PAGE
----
Geography and history
Home to Native Americans for thousands of years, the first Europeans settled on the lakeshore in the early 19th century. It would not be until later in the century when the Grand Trunk Railway was extended through the region that farming would dominate the landscape. Bosanquet once covered all of Lambton County north of Townsend Line (named after early settler Asa Townsend). However, after various municipal incorporations in the late 19th century portions of the township were removed to form the town of Forest, and the villages of Thedford and Arkona, Ontario, and later in the 20th century Grand Bend. Port Franks was a major community within its boundaries but was never incorporated as a separate municipality. The township was permanently populated by over 10,000 people, most of them farmers or living in communities that provided services for farmers. In the summer months, however, the population would spike dramatically due to vacationers who flocked to the beaches of the Pinery Provincial Park and the communities of Grand Bend and Port Franks.
Dismantling the township
During the 1990s a Progressive Conservative government came to power in the provincial legislature. To save administration costs, the township was declared a town by the new provincial government. Then, in an effort to save more money, the township was amalgamated with nearby towns and parts of other townships. The new Municipality of Lambton Shores was designated a city, and did indeed save about $100,000 each year. Despite this, the move was unpopular with many local residents.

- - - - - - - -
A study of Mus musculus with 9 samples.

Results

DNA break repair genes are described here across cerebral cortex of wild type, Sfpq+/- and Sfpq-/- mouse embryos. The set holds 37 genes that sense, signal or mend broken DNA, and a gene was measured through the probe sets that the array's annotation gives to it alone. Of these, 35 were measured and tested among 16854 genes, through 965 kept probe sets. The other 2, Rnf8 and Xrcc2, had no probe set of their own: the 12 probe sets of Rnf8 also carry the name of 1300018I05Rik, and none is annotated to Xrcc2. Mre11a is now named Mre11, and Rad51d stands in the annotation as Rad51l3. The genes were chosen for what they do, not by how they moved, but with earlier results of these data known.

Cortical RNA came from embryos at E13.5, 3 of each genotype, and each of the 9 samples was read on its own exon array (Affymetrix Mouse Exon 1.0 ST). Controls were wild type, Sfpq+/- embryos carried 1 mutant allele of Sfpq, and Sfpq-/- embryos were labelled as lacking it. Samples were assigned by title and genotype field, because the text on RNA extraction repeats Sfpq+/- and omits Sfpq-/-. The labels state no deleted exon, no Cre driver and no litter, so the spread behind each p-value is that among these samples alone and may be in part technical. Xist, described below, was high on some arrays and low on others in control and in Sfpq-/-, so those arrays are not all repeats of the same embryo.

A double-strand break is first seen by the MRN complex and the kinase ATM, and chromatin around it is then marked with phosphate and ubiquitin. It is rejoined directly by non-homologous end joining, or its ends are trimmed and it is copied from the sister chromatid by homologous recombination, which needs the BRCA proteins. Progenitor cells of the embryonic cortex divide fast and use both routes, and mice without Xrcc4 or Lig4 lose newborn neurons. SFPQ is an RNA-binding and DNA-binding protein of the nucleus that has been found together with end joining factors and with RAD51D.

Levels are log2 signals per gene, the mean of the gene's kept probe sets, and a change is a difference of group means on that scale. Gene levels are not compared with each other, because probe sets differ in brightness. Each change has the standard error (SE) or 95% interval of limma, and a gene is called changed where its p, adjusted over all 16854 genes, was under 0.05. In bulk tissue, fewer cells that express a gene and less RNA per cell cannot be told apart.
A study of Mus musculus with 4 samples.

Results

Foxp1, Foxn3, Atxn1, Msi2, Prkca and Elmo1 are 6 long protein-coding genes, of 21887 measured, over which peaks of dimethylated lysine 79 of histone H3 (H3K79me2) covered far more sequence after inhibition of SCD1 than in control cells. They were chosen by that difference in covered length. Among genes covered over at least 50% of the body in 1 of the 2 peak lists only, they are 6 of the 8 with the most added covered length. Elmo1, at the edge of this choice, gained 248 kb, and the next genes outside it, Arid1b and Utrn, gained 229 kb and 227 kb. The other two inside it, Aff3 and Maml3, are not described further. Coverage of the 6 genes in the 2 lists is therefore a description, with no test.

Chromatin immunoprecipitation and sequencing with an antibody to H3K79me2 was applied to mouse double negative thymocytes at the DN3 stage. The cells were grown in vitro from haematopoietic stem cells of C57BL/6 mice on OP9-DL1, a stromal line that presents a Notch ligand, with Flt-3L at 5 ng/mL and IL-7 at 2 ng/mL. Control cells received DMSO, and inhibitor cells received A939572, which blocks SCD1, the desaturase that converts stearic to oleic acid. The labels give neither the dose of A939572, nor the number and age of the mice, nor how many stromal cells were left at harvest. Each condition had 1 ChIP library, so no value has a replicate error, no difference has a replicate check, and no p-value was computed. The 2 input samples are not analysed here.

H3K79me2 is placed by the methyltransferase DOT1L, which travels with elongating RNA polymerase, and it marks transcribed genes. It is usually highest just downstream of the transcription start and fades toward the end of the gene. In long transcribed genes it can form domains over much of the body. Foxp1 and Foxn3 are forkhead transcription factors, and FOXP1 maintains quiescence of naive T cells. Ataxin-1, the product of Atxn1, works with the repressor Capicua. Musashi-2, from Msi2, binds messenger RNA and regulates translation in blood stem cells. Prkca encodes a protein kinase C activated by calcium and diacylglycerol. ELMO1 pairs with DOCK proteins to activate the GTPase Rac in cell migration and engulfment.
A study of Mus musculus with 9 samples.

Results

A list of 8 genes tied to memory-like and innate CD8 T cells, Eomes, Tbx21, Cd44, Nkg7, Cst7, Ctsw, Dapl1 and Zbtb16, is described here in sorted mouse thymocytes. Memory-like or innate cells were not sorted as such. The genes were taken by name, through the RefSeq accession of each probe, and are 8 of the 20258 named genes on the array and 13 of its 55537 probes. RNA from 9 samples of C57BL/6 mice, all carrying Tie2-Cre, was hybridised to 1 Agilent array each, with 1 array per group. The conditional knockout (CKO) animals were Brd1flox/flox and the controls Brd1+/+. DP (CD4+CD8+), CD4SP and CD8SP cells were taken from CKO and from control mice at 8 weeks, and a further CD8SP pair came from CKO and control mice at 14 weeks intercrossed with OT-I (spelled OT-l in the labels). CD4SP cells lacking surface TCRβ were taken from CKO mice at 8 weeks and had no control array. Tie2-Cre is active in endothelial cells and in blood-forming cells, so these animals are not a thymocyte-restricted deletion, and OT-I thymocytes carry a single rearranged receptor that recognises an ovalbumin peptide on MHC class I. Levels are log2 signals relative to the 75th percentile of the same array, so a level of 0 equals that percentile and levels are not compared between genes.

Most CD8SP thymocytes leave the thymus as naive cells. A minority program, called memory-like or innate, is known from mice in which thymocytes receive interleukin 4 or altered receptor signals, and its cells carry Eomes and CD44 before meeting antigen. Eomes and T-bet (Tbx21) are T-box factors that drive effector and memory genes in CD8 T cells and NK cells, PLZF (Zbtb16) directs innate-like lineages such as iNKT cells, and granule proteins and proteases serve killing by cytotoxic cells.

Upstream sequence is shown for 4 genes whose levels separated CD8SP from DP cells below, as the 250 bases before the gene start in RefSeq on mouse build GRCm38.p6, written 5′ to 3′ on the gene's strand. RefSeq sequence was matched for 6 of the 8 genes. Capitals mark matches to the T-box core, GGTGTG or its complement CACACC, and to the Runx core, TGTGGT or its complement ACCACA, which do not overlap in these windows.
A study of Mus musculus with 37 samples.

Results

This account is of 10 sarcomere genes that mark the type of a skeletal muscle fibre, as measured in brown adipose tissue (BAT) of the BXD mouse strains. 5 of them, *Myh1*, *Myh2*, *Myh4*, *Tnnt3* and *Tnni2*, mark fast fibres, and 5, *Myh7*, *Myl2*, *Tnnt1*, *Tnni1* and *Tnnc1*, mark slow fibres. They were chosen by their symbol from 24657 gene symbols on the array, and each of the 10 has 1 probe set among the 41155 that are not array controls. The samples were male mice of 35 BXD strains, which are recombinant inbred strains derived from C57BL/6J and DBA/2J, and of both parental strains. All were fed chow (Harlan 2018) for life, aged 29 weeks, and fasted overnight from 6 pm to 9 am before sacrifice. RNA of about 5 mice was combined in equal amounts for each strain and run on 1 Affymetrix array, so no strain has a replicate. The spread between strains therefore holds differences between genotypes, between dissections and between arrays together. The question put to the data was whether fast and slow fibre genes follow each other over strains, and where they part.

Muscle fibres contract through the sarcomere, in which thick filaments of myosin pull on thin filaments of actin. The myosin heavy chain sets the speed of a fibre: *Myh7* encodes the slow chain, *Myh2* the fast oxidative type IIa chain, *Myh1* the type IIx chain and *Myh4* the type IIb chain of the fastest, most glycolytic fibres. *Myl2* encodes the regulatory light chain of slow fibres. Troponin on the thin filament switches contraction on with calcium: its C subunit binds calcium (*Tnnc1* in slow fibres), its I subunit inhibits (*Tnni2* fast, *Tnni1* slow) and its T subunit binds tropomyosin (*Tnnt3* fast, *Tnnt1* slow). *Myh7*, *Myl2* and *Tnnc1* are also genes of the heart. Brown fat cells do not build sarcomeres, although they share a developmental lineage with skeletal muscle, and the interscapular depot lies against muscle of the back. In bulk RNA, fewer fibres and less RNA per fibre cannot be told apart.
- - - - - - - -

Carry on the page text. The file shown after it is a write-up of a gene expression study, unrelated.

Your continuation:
Flora and fauna
Most of former Bosanquet falls inside the Carolinian Life Zone, a region of temperate deciduous forests that encompasses the east part of North America from the south-eastern U.S. to southern Ontario. The term Carolinian Life Zone originally applied only to the Carolinas, but the same species of plants and animals can be found anywhere the term is used, including Ontario.
It is home to the most diverse assortment of species in Canada. Over 2000 plant species and 400 bird species have been recorded. Unique to the area, within Canada, are trees like the chestnut and walnut, but Canadian mainstays like maple and oak are prominent as well.
Today, most of the forest has been cleared to make room for farming; only about 10% remains standing. The forest that remains has been isolated into stands of a few dozen acres (a fraction of a square km) each, surrounded by fields and pastures. Because of this extensive agriculture, black bears, wolves and about 35 species of plants have been extirpated. The only widespread large mammals remaining are white-tailed deer.